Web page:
Kicking the boredom from my home office

A working from home diary, a new pet plant, and why 2020 is the easiest year for renewing my passport.

November 12th, 2020
2 min read

Ideal working from home

Nearly 256 (28) days have passed since my work office became only eight steps away from my bedside. I've saved about 15 days of commute time and approximately $598 of fuel and public transport costs. Most days, my productivity is as high as mountain peaks, but some days feel worse than a bad hair day.

Honestly, things just become too dull sometimes. An endless cycle of wakeup -> work at the home office -> back to sleep, basically a Groundhog day. The four walls of my house become too familiar, and my Jira board is barely exciting those days.

Sometimes to spice things up, I adjust my desk position or even move it all together to a new room, completely changing our apartment's arrangement. The bedroom has become a tea room, and the living room has changed to an office. I think I've changed my office place at least five times, and if it weren't for the 32 degrees Celsius heat, I would have also tried the balcony.

My current desk

In other days, I usually go to a nearby cosy cafe for a change of air. It's a great mood lifter if you don't consider the complication of trying to decide how to secure the laptop when I go for a toilet break.

Anyways, not every day is a bad day of coffee. Some days I can enjoy one of two good rare things that came out in these strange times. One of these good things is the easy ability to access so many international events and conferences for free from home.

While the 12 to 16-hour time difference sometimes make it a red-eye meeting for me, I've learnt an incredible amount of stuff from great speakers who seem to have better home offices than mine. Other than the office inspiration, I also jot down useful coding tips about indie JS libraries in a soon to be forgotten page within my Notion notebook that is as well organised as a legacy runbook.

One day I will use these notes, I keep saying to myself.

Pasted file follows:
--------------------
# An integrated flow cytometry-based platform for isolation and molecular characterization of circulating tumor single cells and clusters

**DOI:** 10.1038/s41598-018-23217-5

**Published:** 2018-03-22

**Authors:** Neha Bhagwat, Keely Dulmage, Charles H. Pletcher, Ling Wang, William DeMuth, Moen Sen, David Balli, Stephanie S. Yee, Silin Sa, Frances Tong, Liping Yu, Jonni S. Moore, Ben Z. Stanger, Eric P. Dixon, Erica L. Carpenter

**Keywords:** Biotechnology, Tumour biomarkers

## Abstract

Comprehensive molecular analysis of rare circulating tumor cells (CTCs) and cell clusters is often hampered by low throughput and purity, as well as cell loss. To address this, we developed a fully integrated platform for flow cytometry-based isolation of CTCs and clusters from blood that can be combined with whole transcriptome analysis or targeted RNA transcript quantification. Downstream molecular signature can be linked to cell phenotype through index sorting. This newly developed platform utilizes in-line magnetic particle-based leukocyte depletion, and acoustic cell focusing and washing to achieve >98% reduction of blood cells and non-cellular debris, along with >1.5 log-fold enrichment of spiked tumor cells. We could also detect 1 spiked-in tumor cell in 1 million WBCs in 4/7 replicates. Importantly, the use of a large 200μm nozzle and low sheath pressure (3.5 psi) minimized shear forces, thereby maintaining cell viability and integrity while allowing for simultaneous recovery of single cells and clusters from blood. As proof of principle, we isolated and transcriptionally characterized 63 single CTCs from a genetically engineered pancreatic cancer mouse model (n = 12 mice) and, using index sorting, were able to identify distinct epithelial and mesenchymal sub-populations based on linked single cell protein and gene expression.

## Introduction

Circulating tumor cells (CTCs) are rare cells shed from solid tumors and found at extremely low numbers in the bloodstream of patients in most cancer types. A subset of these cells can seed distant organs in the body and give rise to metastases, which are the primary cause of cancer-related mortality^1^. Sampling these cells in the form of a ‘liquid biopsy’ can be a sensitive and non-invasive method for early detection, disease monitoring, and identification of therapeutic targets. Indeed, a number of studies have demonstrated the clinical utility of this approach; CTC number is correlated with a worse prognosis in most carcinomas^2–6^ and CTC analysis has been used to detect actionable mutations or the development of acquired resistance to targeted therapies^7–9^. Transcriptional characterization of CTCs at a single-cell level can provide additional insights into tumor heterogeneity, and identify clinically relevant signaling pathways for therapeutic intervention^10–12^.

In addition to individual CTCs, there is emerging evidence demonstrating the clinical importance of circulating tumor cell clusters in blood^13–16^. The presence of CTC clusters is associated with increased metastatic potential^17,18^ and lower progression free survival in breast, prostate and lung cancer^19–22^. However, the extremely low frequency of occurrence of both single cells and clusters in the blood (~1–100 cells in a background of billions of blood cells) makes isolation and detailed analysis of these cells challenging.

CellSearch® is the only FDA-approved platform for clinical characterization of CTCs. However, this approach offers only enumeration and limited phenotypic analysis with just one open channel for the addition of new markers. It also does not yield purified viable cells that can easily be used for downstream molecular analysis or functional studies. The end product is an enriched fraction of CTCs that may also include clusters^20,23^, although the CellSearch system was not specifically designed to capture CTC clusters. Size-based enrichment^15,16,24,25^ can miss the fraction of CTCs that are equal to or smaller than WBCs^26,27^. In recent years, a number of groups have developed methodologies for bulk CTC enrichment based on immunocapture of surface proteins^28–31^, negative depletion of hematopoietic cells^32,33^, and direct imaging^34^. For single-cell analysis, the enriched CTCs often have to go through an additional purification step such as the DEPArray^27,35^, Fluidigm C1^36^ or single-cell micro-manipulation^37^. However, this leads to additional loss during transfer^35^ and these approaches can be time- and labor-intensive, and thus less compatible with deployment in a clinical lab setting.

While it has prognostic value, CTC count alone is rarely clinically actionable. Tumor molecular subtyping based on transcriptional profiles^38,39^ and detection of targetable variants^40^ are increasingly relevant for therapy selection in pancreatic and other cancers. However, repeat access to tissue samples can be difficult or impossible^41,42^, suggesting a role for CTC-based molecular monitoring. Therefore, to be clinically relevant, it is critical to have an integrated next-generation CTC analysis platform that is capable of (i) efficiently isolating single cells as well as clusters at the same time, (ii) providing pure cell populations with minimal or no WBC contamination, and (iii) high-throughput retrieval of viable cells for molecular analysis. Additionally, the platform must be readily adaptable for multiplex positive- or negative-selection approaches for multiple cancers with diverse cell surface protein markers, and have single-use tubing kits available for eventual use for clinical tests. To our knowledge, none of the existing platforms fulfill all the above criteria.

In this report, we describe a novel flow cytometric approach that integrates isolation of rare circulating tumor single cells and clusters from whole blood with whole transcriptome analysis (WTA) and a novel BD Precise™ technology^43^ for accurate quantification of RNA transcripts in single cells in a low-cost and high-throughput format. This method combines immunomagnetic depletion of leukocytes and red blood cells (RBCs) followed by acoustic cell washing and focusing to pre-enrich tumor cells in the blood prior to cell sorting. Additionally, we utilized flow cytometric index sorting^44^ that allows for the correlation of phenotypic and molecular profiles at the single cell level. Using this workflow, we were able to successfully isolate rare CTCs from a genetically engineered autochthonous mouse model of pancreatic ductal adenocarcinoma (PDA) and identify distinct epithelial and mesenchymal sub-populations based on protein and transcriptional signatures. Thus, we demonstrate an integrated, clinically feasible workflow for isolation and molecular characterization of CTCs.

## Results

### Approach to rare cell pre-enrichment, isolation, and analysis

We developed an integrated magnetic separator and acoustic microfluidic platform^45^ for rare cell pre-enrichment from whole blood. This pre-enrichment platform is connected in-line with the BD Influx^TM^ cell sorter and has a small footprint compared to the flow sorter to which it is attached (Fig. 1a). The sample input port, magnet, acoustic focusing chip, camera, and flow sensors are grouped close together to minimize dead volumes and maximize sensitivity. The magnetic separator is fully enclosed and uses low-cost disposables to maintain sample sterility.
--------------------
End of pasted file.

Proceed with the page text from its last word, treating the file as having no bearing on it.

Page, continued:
The other good thing that came out of this drama is the unexpected fully remote workflows of my embassy where I can apply and order for a passport renewal from the comfort of my home using Whatsapp.

That's right, WhatsApp is now the official government tool used to spread our daily dose of propaganda and renew our passports.

I won't complain, though. Doing my passport renewal from my couch is still way better than trying to get a counter number in an offline system that fails to grasp how human queues should work.

The last passport I renewed was for my sister a year ago. I remember going to the consulate, and what felt to me like entering into a fighting arena, everyone gathered on the poor counter guy trying to grab a counter number. It was survival of the fittest, and if you don't get a number early, you need to come back tomorrow and do it all over again.

Of course, being a relatively short person (I mean relative to Dutch people ehm), I utilised my life long practised camouflage skills to get things done and managed to make it in time for my morning standup meeting. It's the human embodiment of being a git commit within a massive merge conflict that was force pushed. The system fails eventually. Whatsapp represents that free SaaS tool you found and start using to keep your app working; it works for now until an unforgivable data leak happens.

Aside from all, today, I decided to update my home office environment, and I got myself a pet plant to give it some greener peace. It's a Philodendron Birkin plant in a Kokedama ball (a wrapped ball of moss).

My new pet plant

I hope I do it right and manage to keep it alive and well better than my side projects.